22,317 no shows at Western Trusthospitals putting strain on service

Over 22,000 outpatients failed to show up for hospital appointments in the Western Trust last year - the joint worst rate in the North.

Friday, 10th August 2018, 10:00 pm
Updated Friday, 31st August 2018, 5:25 pm

Nearly one in ten missed their appointments in 2017/18 and failed to give staff enough notice to reschedule and allow other patients to be seen.

The Did Not Attend (DNA) rate for the year was 9.1 per cent, according to fresh statistics that have been newly published by the Department of Health (DoH).

The new data show that last year, out of 222,450 scheduled new and review outpatient attendances in the WHSCT, there were 22,317 DNAs, which was actually down by 4.7 per cent on the 23,407 DNAs in 2016/17.

Unsurprisingly the highest number of DNAs were recorded at Altnagelvin where there were 154,080 attendances and 16,934 DNAs - a rate of 9.9 per cent.

The highest DNA rates, however, were recorded at Grangewood (204 DNAs from a total of 1,202 appointments; 14.5 per cent) and at Roe Valley (716 DNAs from 6,449 appointments; 10 per cent).

A Western Trust spokesperson remarked: “There may be good reasons why people are not able to make an appointment and the Trust acknowledges that on occasions it may have to reschedule a clinic, for example if an essential staff member is sick.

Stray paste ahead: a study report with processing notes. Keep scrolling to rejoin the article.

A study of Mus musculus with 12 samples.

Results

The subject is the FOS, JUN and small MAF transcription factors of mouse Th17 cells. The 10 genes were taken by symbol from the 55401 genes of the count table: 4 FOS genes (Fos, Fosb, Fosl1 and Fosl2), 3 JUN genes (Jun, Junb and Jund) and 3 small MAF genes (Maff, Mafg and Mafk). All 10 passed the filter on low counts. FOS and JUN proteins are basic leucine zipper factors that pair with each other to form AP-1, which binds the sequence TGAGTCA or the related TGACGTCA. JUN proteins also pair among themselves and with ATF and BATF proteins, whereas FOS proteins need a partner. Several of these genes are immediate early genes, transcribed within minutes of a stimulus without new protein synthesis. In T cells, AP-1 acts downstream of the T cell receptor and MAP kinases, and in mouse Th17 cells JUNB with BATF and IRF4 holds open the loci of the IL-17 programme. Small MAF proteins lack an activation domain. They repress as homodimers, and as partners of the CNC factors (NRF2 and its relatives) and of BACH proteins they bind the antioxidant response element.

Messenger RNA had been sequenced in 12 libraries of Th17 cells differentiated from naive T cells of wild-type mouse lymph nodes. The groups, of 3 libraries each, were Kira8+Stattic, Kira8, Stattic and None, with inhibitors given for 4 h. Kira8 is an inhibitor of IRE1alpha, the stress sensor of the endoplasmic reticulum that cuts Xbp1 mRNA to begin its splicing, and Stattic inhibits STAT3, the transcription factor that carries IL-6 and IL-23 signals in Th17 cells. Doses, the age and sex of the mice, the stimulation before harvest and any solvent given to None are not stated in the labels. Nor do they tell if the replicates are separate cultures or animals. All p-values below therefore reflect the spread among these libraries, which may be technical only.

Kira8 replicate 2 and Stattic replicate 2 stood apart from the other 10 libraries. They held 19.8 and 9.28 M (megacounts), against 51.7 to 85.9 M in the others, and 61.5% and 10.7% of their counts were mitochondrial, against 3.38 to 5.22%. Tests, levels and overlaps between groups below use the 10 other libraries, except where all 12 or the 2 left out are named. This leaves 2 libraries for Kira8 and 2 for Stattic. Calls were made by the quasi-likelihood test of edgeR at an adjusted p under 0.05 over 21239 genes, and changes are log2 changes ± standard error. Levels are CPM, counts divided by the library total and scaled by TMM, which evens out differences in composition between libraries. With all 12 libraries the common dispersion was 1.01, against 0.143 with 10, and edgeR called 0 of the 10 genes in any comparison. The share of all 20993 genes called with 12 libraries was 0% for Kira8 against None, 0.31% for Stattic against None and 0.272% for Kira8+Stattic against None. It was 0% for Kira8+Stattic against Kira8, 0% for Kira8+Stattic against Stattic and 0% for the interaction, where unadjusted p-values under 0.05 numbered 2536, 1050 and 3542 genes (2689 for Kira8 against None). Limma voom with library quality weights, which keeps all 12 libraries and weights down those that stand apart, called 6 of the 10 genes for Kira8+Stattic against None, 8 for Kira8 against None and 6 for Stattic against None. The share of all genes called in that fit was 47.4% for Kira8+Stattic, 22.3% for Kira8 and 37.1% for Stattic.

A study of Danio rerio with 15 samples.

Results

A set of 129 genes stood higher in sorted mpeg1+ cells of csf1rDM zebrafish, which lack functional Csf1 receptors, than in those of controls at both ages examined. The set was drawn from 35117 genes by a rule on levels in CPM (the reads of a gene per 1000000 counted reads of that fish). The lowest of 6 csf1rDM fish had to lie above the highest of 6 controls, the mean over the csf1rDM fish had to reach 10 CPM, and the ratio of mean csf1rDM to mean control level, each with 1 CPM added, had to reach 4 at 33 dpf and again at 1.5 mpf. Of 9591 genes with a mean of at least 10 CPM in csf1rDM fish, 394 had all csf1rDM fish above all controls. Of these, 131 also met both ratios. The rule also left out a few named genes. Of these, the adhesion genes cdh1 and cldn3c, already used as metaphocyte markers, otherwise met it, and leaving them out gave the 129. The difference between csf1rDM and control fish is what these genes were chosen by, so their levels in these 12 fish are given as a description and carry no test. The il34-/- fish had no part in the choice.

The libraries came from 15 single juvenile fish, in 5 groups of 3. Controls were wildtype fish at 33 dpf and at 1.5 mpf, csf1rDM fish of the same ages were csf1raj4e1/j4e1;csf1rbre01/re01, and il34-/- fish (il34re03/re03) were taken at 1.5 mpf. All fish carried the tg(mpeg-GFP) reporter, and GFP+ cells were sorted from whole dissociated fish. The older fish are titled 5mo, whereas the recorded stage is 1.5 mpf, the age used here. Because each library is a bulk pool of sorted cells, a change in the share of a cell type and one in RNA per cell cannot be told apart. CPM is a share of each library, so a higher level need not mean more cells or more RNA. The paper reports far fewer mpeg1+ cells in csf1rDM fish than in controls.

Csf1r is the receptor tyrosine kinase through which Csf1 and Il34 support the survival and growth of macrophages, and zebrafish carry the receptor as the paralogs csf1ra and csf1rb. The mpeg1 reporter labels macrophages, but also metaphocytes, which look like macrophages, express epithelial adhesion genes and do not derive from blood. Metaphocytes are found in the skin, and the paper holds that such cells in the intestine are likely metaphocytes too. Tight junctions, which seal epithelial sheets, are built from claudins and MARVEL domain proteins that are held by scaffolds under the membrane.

“Where possible we would ask patients with an appointment to let the hospital know if they won’t be able to attend and to do this at the earliest opportunity. As part of its attempts to reduce non-attendance, the Trust has in place a system for booking outpatient appointments where patients are given a choice of dates and times of clinics so a time to best fit their schedule can be arranged.

“Patients attending outpatient appointments across the Western Trust area receive a SMS text or an automated voicecall to their landline, reminding them of their outpatient appointment one week prior to their appointment.

“The Trust has also been alerting people to the numbers of missed appointment by publicising non-attendance figures in outpatient areas.”

Foyle MLA Mark H. Durkan said: “Missed appointments do not just cost the health service money but they also cost other patients the opportunity to get seen more quickly.

“People have a responsibility to keep the appointments that they are given or,at least,to inform the Trust in good time if they are not going to be able to attend.

“Sometimes unforeseen circumstances arise that make attendance impossible, however, the majority of DNAs are probably attributable to people just forgetting.”